Press release 123/2017
29 June 2017
Finns remain strong supporters of development cooperation. Based on a survey commissioned by the Ministry for Foreign Affairs, 85 per cent of the Finns consider development cooperation important. They support especially the promotion of the position of women and girls.
The proportion of those in favour of development cooperation has steadily risen since 2010. The number of those who regard development cooperation very important is now six percentage points higher than last year. Furthermore, a larger number of respondents, that is, 19 per cent, think that development cooperation plays a critical role in efforts to lift developing countries out of poverty.
The citizens endorse the number one priority of Finland’s development policy, which is promotion of the rights and status of women and girls. The majority – 64 per cent – of the Finns consider it the best way to reduce global inequality. They would advance women’s and girls’ position, above all, by providing more education and by eliminating violence and abuse.
“Internationally, Finland is known to be a promoter of the position of women and girls. This year, we have stepped up especially the appropriations to the advancement of sexual and reproductive health and rights. It is good to hear that the Finnish people clearly value this work,” Minister for Foreign Trade and Development Kai Mykkänen says.
Should the Finns be given an opportunity to select one target for development cooperation, matters related to women and girls would come second right after education.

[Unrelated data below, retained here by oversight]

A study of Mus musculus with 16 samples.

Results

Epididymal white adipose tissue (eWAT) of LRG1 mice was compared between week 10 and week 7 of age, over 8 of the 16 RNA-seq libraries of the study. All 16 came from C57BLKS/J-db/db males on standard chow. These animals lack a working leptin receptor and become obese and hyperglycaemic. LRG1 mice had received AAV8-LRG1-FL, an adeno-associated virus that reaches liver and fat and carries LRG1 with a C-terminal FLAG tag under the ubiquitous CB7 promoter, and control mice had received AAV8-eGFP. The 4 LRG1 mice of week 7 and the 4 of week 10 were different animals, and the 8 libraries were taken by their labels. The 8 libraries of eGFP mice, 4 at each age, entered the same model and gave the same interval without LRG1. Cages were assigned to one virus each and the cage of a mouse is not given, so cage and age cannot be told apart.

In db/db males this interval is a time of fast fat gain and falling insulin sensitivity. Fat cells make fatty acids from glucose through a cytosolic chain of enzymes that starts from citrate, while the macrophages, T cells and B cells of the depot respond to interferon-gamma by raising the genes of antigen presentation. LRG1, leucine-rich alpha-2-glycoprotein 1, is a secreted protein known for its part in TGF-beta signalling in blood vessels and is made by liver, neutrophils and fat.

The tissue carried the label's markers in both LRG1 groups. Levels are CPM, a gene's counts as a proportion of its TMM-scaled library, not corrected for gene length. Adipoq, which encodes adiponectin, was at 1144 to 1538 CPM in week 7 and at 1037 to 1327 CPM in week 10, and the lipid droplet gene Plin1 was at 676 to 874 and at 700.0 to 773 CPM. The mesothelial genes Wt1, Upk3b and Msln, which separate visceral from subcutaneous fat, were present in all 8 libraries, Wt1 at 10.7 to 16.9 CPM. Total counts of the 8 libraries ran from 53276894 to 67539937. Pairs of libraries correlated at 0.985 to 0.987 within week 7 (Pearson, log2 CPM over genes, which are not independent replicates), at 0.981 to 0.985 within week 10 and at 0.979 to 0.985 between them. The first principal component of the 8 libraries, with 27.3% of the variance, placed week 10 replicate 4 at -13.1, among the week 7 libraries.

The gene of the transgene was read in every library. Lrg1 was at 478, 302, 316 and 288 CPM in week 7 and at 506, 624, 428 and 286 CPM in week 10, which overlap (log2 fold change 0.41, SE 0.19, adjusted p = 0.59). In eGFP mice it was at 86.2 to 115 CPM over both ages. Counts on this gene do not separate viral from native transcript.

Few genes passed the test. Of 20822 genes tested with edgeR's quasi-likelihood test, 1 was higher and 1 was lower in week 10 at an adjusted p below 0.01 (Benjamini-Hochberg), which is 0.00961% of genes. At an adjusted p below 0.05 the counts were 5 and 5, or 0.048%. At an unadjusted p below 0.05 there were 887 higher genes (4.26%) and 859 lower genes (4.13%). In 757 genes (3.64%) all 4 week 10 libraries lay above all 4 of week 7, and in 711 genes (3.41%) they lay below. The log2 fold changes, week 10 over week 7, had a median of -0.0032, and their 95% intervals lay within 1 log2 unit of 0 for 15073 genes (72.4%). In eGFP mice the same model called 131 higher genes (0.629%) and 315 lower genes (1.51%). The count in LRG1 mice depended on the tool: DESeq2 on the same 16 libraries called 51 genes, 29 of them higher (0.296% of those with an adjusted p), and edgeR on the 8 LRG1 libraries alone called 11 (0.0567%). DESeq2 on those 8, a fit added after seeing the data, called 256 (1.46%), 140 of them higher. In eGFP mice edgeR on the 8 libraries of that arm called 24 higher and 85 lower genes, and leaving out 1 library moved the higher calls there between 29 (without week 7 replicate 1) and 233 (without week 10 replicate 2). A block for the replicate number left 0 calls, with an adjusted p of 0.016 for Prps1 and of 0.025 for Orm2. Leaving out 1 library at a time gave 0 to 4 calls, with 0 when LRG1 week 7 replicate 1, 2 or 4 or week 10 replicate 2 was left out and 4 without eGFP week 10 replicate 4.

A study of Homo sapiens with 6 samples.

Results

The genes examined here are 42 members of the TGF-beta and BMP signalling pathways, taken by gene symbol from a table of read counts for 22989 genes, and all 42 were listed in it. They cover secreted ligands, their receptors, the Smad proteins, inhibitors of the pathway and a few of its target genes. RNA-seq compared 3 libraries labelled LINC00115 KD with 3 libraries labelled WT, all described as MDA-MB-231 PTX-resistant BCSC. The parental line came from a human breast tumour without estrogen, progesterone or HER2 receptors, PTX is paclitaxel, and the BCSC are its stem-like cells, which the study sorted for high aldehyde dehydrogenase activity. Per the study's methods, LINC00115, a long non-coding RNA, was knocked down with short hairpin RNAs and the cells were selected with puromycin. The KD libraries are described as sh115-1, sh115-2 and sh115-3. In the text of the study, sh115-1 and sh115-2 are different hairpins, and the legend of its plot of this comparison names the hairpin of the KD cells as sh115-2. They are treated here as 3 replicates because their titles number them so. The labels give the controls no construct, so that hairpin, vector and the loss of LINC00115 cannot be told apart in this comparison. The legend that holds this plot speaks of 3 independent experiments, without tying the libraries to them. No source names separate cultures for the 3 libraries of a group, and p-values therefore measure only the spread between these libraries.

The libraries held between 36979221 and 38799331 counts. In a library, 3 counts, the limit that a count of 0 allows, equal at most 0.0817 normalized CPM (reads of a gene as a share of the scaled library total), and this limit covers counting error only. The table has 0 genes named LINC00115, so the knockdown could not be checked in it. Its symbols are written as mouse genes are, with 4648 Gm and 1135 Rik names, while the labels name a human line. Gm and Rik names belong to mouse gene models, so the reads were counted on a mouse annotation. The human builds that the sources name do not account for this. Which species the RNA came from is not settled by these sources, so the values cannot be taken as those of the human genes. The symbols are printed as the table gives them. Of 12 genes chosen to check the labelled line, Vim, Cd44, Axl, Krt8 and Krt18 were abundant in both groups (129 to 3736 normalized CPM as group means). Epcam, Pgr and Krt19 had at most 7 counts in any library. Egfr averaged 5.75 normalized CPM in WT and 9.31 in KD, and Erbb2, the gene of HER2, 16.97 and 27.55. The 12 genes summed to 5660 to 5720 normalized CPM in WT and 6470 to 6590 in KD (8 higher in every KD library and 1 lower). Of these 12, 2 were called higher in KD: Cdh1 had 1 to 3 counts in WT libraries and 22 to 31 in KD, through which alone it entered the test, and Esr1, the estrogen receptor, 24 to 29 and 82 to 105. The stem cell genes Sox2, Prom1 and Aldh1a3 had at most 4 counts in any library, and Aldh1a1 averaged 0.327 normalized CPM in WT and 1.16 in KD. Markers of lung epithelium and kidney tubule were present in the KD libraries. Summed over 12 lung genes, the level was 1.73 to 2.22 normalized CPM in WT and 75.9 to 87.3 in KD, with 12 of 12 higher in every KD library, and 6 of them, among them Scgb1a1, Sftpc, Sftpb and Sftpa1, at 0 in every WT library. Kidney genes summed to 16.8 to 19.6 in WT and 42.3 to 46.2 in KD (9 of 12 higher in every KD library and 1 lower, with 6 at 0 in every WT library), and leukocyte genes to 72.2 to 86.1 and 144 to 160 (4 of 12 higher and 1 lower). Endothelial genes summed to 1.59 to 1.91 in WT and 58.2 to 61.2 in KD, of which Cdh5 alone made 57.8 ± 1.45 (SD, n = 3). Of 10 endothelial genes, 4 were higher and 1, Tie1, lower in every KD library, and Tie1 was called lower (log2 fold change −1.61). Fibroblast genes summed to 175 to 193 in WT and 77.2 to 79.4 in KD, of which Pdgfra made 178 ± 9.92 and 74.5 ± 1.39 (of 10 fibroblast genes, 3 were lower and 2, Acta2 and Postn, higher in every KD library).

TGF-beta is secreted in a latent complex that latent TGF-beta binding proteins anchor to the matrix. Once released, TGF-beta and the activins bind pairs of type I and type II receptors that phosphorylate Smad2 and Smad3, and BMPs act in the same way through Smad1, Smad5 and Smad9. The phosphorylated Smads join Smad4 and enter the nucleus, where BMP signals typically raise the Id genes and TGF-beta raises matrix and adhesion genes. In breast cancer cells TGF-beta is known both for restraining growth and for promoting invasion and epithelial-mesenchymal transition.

The Finns consider development cooperation an effective means to improve global security. More people than before, that is 86 per cent of the respondents, consider that development cooperation can help to prevent refugee crises. Nearly 90 per cent of the respondents view Finland’s humanitarian aid important.
Additionally, more than a half of the Finns believe that development cooperation can mitigate climate change.
“The prominence of global problems in the media has made people aware of them. It also appears that the younger generation in Finland is more international than its predecessors and that they understand that global concerns must be tackled,” deems Research Manager Juho Rahkonen from Taloustieto.
The survey also highlighted the need to increase and improve communications about the results. The majority of the respondents believe that Finland’s development cooperation is efficient and effective but the proportion of this group has slightly dropped in the recent years.
“The need has been recognised in the Foreign Ministry. To mark the centenary of independent Finland, we publish 100 results in development cooperation on our website and a more comprehensive report of the results will be prepared next year,” Minister Mykkänen tells.
The survey was conducted as a face-to-face interview and 1,007 Finns responded to it during May. The Ministry has commissioned a similar survey of the citizens’ views annually since 2002.
Survey result highlights:
Inquiries: Juho Rahkonen, Research Manager at Taloustutkimus, tel. +358 50 375 9008, email@example.com and Marja Koskela, Diplomatic Adviser to Minister Mykkänen, tel. +358 40 352 0463.